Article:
She moved away from him and leaned over the window to catch a glimpse of starry sky. She looked at him, then, and again her whole being welled through her, trying to burst the bonds of her throat. The limelight lay on his face, and the thin face shone out like a pale moon.
Her whole being began to hammer in her throat and unconsciously she took a step towards him. He turned.
All of his things were at sixes and sevens. Mila began to arrange them properly.
"Mila," he whispered.
He held her hands, looking down at her. Her eyes fell, and the cream of her eyelids became white veils of modesty. He was breathing heavily and he felt-the symphony of death. The memory of Mila would not die away till his death. Memory always lingers on.
Suddenly he coughed. A torrent of hot raw blood came out from his mouth. Then and there, Mila got up and washed his face. He lay down noiselessly. From his bed, he saw, she came slowly, and he saw each step, each movement, a perfection of grace; the light of her beauty lumining her plain dress, der head held high. She was so unassailable and so beautiful and he would always feel the absence of her company.
"You know, we always laugh at the silly stories of Indian pictures," he said. "But we should not really. The silly stories are always true. There's always a marriage for the heroine, at the end with another man, who's probably in love with some one else. Moreover, in some pictures, as heroes are suffering from T. B. ; heroines have to marry unknown men, after singing some sorrowful songs.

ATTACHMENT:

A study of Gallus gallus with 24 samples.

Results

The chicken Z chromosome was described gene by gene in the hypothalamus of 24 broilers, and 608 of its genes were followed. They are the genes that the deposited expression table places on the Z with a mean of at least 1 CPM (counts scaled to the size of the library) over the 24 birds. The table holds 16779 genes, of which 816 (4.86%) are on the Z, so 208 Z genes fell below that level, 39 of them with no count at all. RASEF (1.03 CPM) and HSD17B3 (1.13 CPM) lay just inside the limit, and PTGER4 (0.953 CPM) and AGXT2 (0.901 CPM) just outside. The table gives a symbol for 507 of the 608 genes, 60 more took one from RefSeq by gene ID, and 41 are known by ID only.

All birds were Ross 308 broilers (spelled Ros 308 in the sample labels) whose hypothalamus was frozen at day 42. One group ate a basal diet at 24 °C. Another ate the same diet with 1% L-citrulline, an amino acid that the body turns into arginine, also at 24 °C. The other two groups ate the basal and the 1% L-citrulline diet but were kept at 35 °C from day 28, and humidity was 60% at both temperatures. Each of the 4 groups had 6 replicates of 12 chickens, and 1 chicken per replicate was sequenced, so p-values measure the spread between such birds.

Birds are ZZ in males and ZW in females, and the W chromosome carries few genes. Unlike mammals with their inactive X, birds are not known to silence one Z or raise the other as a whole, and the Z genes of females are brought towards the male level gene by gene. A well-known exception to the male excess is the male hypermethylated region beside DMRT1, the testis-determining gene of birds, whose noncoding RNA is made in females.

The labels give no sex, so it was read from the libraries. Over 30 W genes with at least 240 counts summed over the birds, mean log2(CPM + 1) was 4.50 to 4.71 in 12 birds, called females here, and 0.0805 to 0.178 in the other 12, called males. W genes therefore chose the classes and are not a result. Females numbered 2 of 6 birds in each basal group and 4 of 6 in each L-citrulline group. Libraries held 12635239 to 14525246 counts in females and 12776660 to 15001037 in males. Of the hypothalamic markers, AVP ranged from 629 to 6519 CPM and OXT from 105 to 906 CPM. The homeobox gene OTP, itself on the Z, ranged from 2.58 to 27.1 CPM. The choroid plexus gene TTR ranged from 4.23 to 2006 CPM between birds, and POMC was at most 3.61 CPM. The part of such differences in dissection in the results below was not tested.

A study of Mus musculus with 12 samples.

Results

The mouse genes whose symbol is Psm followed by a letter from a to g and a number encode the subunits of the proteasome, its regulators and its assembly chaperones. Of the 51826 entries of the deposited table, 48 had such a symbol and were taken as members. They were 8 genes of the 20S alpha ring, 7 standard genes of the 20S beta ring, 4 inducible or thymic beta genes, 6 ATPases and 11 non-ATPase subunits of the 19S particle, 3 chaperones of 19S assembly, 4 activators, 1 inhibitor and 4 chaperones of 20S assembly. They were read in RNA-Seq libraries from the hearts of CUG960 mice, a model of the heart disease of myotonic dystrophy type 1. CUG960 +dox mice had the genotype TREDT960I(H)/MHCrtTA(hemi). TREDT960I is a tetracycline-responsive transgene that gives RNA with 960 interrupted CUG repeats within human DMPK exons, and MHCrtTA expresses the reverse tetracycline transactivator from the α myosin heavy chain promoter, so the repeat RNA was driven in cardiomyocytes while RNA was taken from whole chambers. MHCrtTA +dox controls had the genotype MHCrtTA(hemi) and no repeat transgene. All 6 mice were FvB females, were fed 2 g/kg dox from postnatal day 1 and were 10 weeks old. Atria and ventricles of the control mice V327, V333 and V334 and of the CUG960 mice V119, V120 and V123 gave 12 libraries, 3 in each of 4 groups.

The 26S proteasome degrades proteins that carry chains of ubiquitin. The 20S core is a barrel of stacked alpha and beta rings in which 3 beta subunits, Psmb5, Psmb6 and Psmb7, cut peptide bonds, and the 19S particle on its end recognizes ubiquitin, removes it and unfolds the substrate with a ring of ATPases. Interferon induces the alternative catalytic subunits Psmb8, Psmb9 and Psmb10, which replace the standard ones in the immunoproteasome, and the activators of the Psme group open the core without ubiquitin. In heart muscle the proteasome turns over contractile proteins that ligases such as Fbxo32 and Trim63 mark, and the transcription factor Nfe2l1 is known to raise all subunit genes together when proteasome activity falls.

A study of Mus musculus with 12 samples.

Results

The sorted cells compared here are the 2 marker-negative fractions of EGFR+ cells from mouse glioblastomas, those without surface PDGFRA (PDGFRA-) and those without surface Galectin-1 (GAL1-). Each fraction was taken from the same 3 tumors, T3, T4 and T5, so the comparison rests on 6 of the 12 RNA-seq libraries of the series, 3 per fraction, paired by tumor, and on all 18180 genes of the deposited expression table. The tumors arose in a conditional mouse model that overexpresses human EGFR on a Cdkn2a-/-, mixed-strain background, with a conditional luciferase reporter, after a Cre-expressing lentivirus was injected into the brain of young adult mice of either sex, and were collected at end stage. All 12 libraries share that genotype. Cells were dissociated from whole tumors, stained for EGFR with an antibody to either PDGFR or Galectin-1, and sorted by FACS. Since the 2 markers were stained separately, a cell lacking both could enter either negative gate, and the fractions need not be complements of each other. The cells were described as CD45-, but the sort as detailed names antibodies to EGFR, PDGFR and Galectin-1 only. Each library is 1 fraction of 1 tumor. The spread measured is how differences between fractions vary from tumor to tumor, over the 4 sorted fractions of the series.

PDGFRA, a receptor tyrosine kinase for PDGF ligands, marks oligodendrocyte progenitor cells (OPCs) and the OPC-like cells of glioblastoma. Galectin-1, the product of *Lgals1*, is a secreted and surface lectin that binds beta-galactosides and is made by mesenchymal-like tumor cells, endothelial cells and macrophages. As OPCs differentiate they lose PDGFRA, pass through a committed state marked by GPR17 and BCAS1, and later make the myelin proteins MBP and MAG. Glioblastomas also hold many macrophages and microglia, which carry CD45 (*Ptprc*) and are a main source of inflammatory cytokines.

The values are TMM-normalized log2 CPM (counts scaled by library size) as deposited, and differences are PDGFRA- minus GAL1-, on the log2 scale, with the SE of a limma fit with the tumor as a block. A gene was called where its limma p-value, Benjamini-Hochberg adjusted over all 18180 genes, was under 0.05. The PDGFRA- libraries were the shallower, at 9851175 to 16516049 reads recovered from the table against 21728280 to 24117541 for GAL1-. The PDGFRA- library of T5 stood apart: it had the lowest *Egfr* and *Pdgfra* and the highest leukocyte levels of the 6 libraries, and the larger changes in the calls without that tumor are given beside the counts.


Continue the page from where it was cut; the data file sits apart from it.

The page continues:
"Do you understand, what you are talking about " She laughed naturally this time.
"In a nutshell, I am trying to talk about your marriage."
A sick silence enveloped her.
"You must marry, some one else," he said quietly. "I won't go to Gauhati now. I am going to stay here or in some unknown grave for ever. Somehow I will try my best till my end."
He knew he had hurt her. She aveided his glance.
"I'm sorry," he whispered. "But you won't have to worry about me. Not after to-night. I know that I throw cold water on your bold and vigorous step. But don't think that I am at daggers drawn with you."